Perhaps the most salient lesson to educators working to adapt to the COVID crisis is this: you don’t know what you’ve got until it’s gone.
For most of us, the in-class instruction and interpersonal relationships we may have taken for granted before now seem all the more precious. As Doug Lemov reflected last month, ““Being away from classrooms will help us to see how clearly the intact and intentional culture of a classroom is critical and irreplaceable to learning– especially equitable learning.” It’s possible that, far from pushing us all to some online learning utopia, this national experiment in distance learning is reinforcing the particular value and irreplaceable nature of the personal connections that lie at the heart of great schools.
Even more importantly, we are learning that the personal connections that formed the basis of effective instruction are also essential building blocks for schools looking to adapt to this new era. Many large districts are finding it difficult to stay connected with students throughout the school shutdown. The Los Angeles Unified School District, for example, reported a failure to connect with 12% of its high school students. And in districts serving predominantly low income students, only a third of teachers report daily interaction with their students, according to an EdWeek survey.
Yet, as UCLA education professor Tyrone Howard noted in a Los Angeles Times article, of his former students (all current teachers), those “who have been able to get kids online already have strong relationships with them and their parents, know who their friends are and how to get in touch.”
Said more simply: the impact of our remote learning efforts may well be tied directly to the strength of the relationships and connections we had made long before this crisis began.
Of course, this isn’t surprising to anyone who has spent much time in schools. As Rick Hess of the American Enterprise Institute notes,“schools are social as well as academic institutions.”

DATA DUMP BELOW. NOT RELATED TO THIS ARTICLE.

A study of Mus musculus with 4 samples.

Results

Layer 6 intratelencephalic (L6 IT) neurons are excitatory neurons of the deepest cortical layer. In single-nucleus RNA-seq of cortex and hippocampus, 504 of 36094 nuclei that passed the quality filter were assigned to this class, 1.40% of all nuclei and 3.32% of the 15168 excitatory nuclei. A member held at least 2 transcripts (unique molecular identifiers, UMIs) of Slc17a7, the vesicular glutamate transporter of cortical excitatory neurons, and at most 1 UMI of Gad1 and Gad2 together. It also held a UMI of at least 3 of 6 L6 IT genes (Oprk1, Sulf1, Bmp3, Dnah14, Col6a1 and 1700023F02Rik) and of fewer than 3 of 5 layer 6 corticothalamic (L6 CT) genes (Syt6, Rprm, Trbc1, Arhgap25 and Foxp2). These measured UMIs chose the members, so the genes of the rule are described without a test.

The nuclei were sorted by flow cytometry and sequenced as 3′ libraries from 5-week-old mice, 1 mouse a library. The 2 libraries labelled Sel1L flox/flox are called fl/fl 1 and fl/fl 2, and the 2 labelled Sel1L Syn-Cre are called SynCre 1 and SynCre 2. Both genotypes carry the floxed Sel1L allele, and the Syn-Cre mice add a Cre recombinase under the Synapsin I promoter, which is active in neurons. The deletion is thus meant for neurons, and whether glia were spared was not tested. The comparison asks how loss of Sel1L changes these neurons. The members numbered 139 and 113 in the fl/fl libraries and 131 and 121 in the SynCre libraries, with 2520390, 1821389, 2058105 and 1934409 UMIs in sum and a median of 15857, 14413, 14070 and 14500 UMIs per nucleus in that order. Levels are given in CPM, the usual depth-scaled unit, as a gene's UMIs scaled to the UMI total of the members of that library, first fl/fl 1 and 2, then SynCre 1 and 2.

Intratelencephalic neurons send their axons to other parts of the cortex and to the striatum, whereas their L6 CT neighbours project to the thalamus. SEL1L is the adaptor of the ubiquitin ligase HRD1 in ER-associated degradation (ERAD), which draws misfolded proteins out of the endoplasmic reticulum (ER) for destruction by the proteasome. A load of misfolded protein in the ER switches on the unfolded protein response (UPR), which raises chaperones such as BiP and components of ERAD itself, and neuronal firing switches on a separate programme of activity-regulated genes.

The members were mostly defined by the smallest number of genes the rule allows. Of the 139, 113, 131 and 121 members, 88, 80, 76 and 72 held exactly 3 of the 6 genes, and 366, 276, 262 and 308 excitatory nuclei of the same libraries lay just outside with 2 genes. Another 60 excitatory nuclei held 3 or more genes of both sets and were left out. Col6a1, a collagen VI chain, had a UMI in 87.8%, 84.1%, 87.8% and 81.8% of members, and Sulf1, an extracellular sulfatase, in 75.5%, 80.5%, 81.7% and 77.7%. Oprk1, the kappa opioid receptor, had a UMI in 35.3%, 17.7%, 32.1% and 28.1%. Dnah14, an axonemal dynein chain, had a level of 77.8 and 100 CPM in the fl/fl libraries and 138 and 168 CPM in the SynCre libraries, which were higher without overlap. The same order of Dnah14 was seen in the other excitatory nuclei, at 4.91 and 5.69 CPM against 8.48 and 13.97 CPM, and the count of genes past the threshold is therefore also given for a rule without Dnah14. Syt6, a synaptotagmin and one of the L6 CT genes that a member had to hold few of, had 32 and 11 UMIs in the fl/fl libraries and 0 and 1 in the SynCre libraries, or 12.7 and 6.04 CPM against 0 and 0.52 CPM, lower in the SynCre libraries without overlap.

This is something Catholic educators understand intimately. And it’s why, across our own Partnership Schools, our transition to remote learning focused on building community and maintaining relationships first and foremost. And it’s why even the shiest among our teachers and leaders have focused on making connections using social media, email, and phone calls.
The results of these community building efforts have been heartwarming. One recent Facebook live gathering for families of St. Athanasius in the Bronx drew over 850 views–for a school with fewer than 300 students. And while Principal Jessica Aybar did cover some logistical information, the comments make it clear that it is simply being connected as families that many valued in the experience.
Yet it isn’t just endearing moments of appreciation we seek. As Principal Abigail Akano from Sacred Heart explained, teachers called every family within days of the roll-out of distance learning plans. When they encountered phones that were shut off or emails that went unanswered, they used staff knowledge of students’ and parents’ networks of friends and family to make connections, enabling 100% contact and the start of online learning for all students within one week. Without the relationships forged among families and school staff prior to the shut-down, that contact would have been even more challenging.
In the New York neighborhoods we serve, hard-hit by the virus and its economic impact, we must sustain relationships forged in classrooms and hallways not just to perpetuate learning, but to strengthen children and their parents with the fortitude and faith we all need to weather tough days. And thankfully, as Catholic schools, we have both the freedom and the imperative to do just that.